Happy Earth Day!

Happy Earth Day!

Happy Earth Day from all of us at Taproot! Our contributors say it best, so today we celebrate with some of their words. 

“Release comes with spring. It’s the slow exhale of winter’s deep breath. Today we open our windows to fresh air. Our frosty mornings and hard soil are warmed by the sun. Mud boots replace snowshoes. Laughter bounces through the woods, echoing the brook that gurgles with life. Everyday we watch the ice retreat from the pond. On sunny days, eager toes squish through the mud. We feel alive here.” ~Meredith Winn, Dig In, Issue 1::SOIL

 “I believe we can reimagine our lifestyles to create a more sustainable future by looking back to the ways of the past and how our ancestors kept their homes...when I say ‘look to the past’ I’m stressing simplification, returning to our roots of connectedness and deliberateness, and particularly a return to making purchases based on quality, longevity, and necessity. If we work on living with intention, we can create a path forward to healing that plans for future generations. How can we view our homes and selves as part of an ecosystem? How can we see ourselves as parts of nature and not just consumers? Changing our view begins with taking action, and there are many places to start,” ~Alyson Morgan, Low-Waste Homemaking in the Anthropocene, Issue 37::SPARK

"Grow love. Know that every bite of food you eat informs your entire being. Know that all food begins in the soil, be it vegetable or animal, so we trace our roots to the land. As you tend to the crops, remember that you are tending to seeds of love that will someday transform into a meal." ~Kate SpringTo Grow Love: A Farmer’s Manifesto, Issue 22::GROW

 “One of my favorite ways to bond with a new place is to wander around the yard or forest and look for plants that I think I could use for dye. The beauty of nature makes me feel calm, and studying my surroundings closely gives me a sense of context and connection.” ~Kristine VejarBringing It Home: Dyeing with Foraged Plants, Issue 16::SHELTER

Nature journaling is a tool to help you observe and record the natural world by both writing and sketching what you see. It encourages mindfulness and curiosity about the world around you….Nature journaling gives you a purpose for being outside. We all enjoy being outdoors, feeling the sun on our face and breathing in the fresh air. But sometimes it can be hard to really focus on what’s around us. Knowing with intention that I am going to document a plant or tree each time I’m out helps me to concentrate on that task and quiet the rest of my brain….I love how much this has sparked my curiosity in the natural world and helped me embrace and love our area more. I’ve realized just how much plant diversity there really is here on the plains, and it makes me appreciate this place and want to learn more about its history and how to preserve it.” ~Roxanne Beauvais, Exploring through Nature Journaling, Issue 33::EXPLORE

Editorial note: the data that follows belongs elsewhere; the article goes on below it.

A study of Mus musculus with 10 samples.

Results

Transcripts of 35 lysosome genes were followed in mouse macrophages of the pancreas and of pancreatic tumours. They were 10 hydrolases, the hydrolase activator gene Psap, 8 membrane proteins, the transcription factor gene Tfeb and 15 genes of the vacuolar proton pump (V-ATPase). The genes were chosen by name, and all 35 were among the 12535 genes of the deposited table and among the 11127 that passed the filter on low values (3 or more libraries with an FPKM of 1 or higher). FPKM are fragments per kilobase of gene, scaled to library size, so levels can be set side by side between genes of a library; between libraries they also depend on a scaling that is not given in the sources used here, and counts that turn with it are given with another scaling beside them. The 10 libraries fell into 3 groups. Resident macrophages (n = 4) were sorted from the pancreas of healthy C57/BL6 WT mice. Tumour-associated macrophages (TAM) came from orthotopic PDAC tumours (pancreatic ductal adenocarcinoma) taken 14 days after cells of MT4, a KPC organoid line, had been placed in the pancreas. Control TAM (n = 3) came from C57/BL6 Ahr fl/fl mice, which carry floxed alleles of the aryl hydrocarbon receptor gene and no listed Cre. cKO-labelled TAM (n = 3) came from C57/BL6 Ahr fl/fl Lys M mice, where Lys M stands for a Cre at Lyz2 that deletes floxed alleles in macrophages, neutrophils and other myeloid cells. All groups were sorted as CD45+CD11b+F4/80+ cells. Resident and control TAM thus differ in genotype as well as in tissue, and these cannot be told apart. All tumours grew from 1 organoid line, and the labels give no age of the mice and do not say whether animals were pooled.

“Not a day goes by when I don’t appreciate the delicate relationship we have with the natural world. Since I was a child, my mother instilled in me that wonder of where all the amazing colors and varieties of flowers came from. She always used to say, 'Isn't Nature Amazing?'" Lynn Karlin, The Pedestal Series, Issue 30::FEAST

“This season, as the soil warms, head out to the garden with your children. Dig deep holes in the beds and plant the food you like to eat. Use containers on your fire escape or hanging tomato planters on your urban stoop. Whatever it takes, together, try your hand at growing some food.” ~Stacy Brenner, Healthy Soils, Strong Girls, Issue 1::SOIL

“This garden isn’t about my dreams but about my children’s reality. To them, the garden is always magical, fairy houses or no. Because seeds and sun and soil and water are magic. Because one can find treasure in the dirt and then eat it. The garden is magical because it is wild and free, just like these boys in front of me. Growing, boundless, miraculous. We don’t have a next-year’s garden. We have a right-now garden. And it’s bountiful, in its own way.” ~Melanie O’Brien, The Right-Now Garden, Issue 32::TEND

In a time when so many of us feel untethered, 
There is holiness in learning to grow your own food
It acknowledges our connection to Earth and each other
The soil holds a memory of us each time we put our hands in the ground 

It is my prayer,
That every time my hands touch the dirt,
My joy reverberates so strongly, 
that my grandbaby 14 generations deep
Feels my joy
~Farai Harreld, 14 Generations, Issue 40::CURE

"Take lessons from sunflowers. Some days are full bloom, others are not. Eventually, you will have bloomed enough to trust that it will happen again, but those closed moments may catch your breath in your throat. Learn how to follow the sun even when you feel stuck. Learn to see the beauty in sleeping blooms that grow, gathering energy until the right moment comes to open their center to the world." ~Kate Spring, To Grow Love: A Farmer’s Manifesto, Issue 22::GROW

Photography credits: in collage (left to right): Hannah Welling for TIDES, Kate Spring for GROW, Alyson Morgan for FORAGE, Amanda Blake Soule for WEAR, Demetria Provatas for EXTEND, Rachel Wolf for FORAGE, 
Emma Cooper for SOIL, Alyson Morgan for SPARK.